The study says COVID-19 did not seem to disproportionately affect authoritarian concern about social divisions in British society

Moving on from inquiries led by the “wise old judge” could help politicians and others to prevent and learn lessons from the most worrying problems of the twenty-first century, experts have said.

Using other methods rather than a judge-led public inquiry could lead to better learning and prevention, and this should be considered as the COVID-19 inquiry gets underway.

A tendency to adopt forensic style investigations, with enforcement of the production of evidence readily backed by the courts, with the apportion of blame, threatens to overshadow the important understanding of more deep-rooted societal issues, according to researchers. It can also lead to individuals being reluctant to help inquiries find the truth for fear of personal consequences.

Sarah Cooper and Owen Thomas, from the University of Exeter, writing in the book “New Directions In Royal Commissions & Public Inquiries: Do We Need Them?” say the juridical approach is well-suited to investigate fine-grained behaviour in a discrete event but less capable of addressing complex sociological and structural pathologies.

Dr Thomas said: “Full statutory inquiries are well suited to address troubling events that have discrete timelines and where fact-finding rests on the forensic tracing of individual knowledge and behaviours. This, in turn, facilitates the attribution of responsibility and the identification of regulations that might prevent future occurrences. But juridically-minded inquiries are often reluctant to engage with complex sociological phenomena because they may fall outside of the expertise of those involved, or because it is thought matters should be left to elected politicians.”

Dr Cooper said: “The key to an effective coronavirus inquiry will be a range of expertise – such as public health, medicine, statistics, epidemiology, economics, and policy-making – who can uncover facts from archival evidence. The popular cultural desire to put the government ‘in the dock’ would, in this case, be counterproductive.”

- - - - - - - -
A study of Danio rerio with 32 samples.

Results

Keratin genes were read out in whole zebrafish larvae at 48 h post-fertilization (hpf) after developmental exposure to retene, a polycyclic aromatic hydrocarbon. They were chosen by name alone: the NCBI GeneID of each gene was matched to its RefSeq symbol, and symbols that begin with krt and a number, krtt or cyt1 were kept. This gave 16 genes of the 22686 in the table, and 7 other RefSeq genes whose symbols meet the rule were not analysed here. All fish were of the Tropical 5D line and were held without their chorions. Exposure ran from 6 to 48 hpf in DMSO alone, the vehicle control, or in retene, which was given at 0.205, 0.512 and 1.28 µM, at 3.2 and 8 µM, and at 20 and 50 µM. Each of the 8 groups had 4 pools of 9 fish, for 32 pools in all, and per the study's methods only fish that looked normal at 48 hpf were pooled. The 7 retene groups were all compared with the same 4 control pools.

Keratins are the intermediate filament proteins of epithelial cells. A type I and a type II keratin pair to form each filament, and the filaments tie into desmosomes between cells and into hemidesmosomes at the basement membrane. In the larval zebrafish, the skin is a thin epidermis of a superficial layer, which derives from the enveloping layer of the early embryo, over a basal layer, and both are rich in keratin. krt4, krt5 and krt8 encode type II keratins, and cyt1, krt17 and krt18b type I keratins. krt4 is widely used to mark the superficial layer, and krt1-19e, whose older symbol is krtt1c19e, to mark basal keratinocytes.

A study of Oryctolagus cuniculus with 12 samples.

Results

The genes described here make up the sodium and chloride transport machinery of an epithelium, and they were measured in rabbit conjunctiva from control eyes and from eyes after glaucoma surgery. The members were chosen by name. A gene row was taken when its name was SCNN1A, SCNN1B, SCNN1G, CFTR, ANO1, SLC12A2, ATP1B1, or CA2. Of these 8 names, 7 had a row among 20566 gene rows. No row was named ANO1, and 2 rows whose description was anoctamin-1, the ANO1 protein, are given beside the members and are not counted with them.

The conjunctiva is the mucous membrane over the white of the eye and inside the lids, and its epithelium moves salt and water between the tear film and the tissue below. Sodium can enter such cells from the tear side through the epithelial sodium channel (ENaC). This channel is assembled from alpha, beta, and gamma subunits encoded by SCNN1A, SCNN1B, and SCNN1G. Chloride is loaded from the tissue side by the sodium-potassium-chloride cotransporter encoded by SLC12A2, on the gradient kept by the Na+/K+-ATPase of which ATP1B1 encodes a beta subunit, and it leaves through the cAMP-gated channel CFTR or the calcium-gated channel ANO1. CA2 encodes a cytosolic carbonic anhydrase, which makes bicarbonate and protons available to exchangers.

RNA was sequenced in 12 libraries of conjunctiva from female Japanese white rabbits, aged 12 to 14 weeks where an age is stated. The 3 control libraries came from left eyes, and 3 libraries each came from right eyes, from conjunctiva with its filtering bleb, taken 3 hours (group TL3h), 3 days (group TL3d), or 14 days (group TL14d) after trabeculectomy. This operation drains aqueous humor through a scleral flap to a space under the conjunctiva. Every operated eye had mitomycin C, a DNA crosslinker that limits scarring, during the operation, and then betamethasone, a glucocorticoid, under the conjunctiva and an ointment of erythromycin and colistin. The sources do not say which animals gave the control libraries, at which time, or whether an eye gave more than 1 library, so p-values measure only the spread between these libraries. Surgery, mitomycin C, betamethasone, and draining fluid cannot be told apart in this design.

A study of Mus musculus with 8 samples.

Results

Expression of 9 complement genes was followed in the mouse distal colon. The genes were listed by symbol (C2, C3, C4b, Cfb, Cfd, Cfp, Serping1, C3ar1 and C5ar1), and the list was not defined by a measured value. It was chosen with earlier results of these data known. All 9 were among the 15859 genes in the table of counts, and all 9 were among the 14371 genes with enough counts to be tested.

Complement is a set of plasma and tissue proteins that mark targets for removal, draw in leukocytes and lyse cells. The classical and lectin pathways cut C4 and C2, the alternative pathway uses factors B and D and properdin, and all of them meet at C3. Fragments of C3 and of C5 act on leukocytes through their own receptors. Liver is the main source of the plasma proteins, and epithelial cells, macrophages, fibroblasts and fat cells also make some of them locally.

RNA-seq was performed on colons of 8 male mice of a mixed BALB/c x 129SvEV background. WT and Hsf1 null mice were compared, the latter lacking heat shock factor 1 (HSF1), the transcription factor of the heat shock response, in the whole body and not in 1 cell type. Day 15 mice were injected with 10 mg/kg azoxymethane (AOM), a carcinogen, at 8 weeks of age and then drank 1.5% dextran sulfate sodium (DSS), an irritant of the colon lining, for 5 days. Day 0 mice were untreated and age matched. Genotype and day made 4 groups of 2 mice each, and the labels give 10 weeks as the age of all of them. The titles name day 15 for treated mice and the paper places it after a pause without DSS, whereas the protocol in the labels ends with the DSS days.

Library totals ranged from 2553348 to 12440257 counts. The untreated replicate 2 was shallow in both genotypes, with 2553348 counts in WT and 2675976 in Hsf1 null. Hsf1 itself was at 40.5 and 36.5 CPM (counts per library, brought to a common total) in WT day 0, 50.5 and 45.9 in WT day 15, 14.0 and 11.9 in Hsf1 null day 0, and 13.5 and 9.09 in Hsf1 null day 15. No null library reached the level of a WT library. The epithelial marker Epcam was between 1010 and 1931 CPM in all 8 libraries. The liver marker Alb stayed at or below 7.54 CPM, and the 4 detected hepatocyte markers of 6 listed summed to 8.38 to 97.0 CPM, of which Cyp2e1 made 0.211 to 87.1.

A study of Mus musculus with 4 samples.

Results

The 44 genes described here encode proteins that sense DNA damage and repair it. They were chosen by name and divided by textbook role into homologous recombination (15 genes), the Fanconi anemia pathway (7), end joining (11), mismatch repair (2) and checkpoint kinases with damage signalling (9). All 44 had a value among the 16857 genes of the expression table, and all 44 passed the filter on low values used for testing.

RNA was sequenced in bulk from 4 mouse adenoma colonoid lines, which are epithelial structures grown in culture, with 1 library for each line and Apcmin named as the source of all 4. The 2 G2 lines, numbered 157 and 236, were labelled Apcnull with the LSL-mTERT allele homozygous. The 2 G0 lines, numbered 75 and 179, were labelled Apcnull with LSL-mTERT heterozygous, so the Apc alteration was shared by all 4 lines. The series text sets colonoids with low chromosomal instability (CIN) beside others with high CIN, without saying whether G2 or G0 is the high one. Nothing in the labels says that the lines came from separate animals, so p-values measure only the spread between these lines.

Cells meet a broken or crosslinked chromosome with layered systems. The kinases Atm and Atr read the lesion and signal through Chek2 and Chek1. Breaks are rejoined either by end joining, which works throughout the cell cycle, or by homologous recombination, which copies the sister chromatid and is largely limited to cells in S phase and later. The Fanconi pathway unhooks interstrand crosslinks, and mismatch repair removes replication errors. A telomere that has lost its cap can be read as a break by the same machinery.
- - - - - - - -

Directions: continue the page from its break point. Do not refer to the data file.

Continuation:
A total of 32 public inquiries have been appointed since the UK’s Inquires Act 2005, of which are 15 currently ongoing. These include full statutory versions, ranging from the Edinburgh Tram Inquiry to the Death of Dawn Sturgess, plus less formal, ad hoc investigations including non-statutory inquiries, independent panels and Royal Commissions.

There were almost 400 Royal Commissions between 1830 and 1900 but only three have been set up since the 1990s. In 2019, however, both the Conservative and Labour manifestos promised Royal Commissions across the criminal justice system, substance abuse, and health and safety legislation.

Royal Commissions focus on widespread policy problems rather than discrete events. The study says they could complement other public inquiries by providing a system within which to examine complex challenges – such as institutional racism, misogyny or wealth inequality.

The frequency of inquiries has increased significantly since the 1990s. The study says this may reflect a broadening of public outrage into areas of social risk such as child abuse and medical malpractice. It may also demonstrate a growing tendency by the government to use inquiries as part of a blame avoidance strategy that allows governments and ministers to refrain from addressing the issue for as long as the investigation continues.

Dr Thomas said: “Judicially led and juridically minded inquiries have important limitations: they are reluctant to investigate widespread, historically embedded social issues such as racism or gendered inequalities, and the courtroom style of investigation can lead to adversarialism that impedes openness and candour.”

Out of 76 inquiries undertaken since 1990, 53 were chaired by current or retired judges. Inquiry members are often older, white and male. Between 1990 and 2017, there were just six inquiries with a female chair – which is the same as the number of inquiries led by someone called Brian and fewer than the number of inquiries chaired by someone called either Anthony or William.

Dr Cooper said: “Moving beyond the lure of the inquiry led by the wise old judge, toward some of the instruments of the past, could be an important development in preventing and learning lessons from the most worrying problems of the twenty-first century.”